Winans, who also serves as the lead pastor at Detroit’s Perfecting Church, told the Detroit Free Press that he felt like he had lost a sibling when he learned the 48-year-old singer had died Saturday in Beverly Hills, Calif.
Houston’s mother, gospel singer Cissy Houston, her cousin Dionne Warwick, and other family members gathered at Whigham Funeral Home in Newark well into the early morning hours Tuesday to shape plans for the service, funeral director Carolyn Whigham said.
Although a local community leader with ties to the family told The Star-Ledger on Monday that there would be a public wake and funeral at the Prudential Center on Thursday and Friday, the Houston family never confirmed it, Carter said.
“We view it as nothing more than a rumor,” he said.
The family has been split over where to bury Houston, with Cissy Houston and Warwick lobbying for Atlanta, where they believe Houston was happiest, the website TMZ reported.
However, two people familiar with the family’s plans told The Star-Ledger last night the family is considering burying her in a Westfield cemetery at least one day after the funeral. The people asked not to be named because they are not authorized to speak publicly for the family.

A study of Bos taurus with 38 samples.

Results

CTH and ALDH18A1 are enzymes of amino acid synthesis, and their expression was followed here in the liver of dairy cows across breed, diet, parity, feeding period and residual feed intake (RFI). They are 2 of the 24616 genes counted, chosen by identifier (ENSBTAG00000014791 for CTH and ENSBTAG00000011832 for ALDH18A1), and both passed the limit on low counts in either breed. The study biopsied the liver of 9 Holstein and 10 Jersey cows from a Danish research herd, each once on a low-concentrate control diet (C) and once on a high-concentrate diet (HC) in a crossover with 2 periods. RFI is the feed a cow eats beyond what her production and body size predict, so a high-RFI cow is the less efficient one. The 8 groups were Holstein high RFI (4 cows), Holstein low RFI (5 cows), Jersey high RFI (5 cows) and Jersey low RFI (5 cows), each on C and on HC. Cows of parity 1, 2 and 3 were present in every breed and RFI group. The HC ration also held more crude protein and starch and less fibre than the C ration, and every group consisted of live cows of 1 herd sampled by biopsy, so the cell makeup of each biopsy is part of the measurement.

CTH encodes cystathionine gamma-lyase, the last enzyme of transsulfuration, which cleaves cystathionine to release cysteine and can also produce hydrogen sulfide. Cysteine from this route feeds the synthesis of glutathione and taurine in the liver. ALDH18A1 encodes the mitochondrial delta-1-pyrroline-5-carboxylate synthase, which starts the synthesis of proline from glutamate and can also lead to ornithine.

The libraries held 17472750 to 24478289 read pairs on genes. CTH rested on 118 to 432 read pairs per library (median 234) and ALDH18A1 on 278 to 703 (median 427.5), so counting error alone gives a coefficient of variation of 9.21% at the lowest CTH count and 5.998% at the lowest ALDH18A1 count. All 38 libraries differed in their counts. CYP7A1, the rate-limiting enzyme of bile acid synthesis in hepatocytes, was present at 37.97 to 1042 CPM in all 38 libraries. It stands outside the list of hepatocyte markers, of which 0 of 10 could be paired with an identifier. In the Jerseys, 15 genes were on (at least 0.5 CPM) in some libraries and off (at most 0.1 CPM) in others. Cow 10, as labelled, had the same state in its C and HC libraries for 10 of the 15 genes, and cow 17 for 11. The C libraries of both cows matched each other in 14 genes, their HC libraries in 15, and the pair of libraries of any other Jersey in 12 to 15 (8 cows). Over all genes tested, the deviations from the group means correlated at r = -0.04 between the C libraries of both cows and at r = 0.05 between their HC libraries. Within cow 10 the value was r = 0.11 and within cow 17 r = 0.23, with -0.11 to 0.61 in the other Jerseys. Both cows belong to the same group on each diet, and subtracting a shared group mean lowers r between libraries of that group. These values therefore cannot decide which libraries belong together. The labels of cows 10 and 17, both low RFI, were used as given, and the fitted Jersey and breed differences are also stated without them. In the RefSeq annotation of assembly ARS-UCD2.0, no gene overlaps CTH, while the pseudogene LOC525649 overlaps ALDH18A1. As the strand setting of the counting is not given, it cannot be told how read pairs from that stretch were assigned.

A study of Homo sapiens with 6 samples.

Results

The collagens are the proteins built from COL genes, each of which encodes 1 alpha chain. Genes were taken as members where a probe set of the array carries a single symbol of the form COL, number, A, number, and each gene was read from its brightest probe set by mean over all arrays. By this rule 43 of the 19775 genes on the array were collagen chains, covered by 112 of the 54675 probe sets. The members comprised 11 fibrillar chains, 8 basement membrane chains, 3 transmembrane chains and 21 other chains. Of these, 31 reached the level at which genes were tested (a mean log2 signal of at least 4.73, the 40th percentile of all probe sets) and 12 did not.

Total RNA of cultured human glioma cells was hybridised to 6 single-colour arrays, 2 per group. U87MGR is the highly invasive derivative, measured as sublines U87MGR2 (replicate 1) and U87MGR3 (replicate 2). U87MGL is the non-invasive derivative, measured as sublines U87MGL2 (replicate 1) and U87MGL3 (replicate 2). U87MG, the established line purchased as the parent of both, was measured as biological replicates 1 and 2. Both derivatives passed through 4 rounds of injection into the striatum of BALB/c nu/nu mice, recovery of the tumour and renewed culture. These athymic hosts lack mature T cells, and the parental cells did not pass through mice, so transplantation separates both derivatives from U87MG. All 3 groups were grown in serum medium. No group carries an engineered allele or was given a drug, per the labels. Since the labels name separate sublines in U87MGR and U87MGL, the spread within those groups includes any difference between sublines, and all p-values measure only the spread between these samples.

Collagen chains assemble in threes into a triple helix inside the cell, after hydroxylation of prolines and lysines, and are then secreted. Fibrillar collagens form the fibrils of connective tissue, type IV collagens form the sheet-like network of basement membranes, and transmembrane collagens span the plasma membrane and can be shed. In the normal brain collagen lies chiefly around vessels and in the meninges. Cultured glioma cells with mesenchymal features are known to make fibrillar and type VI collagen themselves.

Meanwhile, Newark police have begun making plans for Saturday’s service, which is expected to draw thousands of fans and a crush of media.
“Obviously Whitney Houston was one of the greatest performers of our time, and certainly we expect a huge presence of other performers, actors, and we’re preparing for all that,” Police Director Samuel DeMaio said Tuesday.
DeMaio said police have begun closing streets near the church and that officials are working on a security plan for the funeral, expected to draw some of the biggest names in the music industry. He also raised the possibility of erecting a video monitor outside the church to accommodate fans and residents.
Outside the funeral home on Martin Luther King Jr. Boulevard yesterday, Whigham, who has known the family for decades, urged the dozens of reporters — some from as far away as Brazil and Russia — to let the family mourn in private.
“A mother has lost her child,” Whigham said. “It’s not planned that way.”
But fans, who waited outside the funeral home late Monday night to watch a gold hearse return New Jersey’s pop princess to her hometown and who continued to pay their respects at a makeshift memorial outside the church yesterday, mourned their missed chance to say farewell.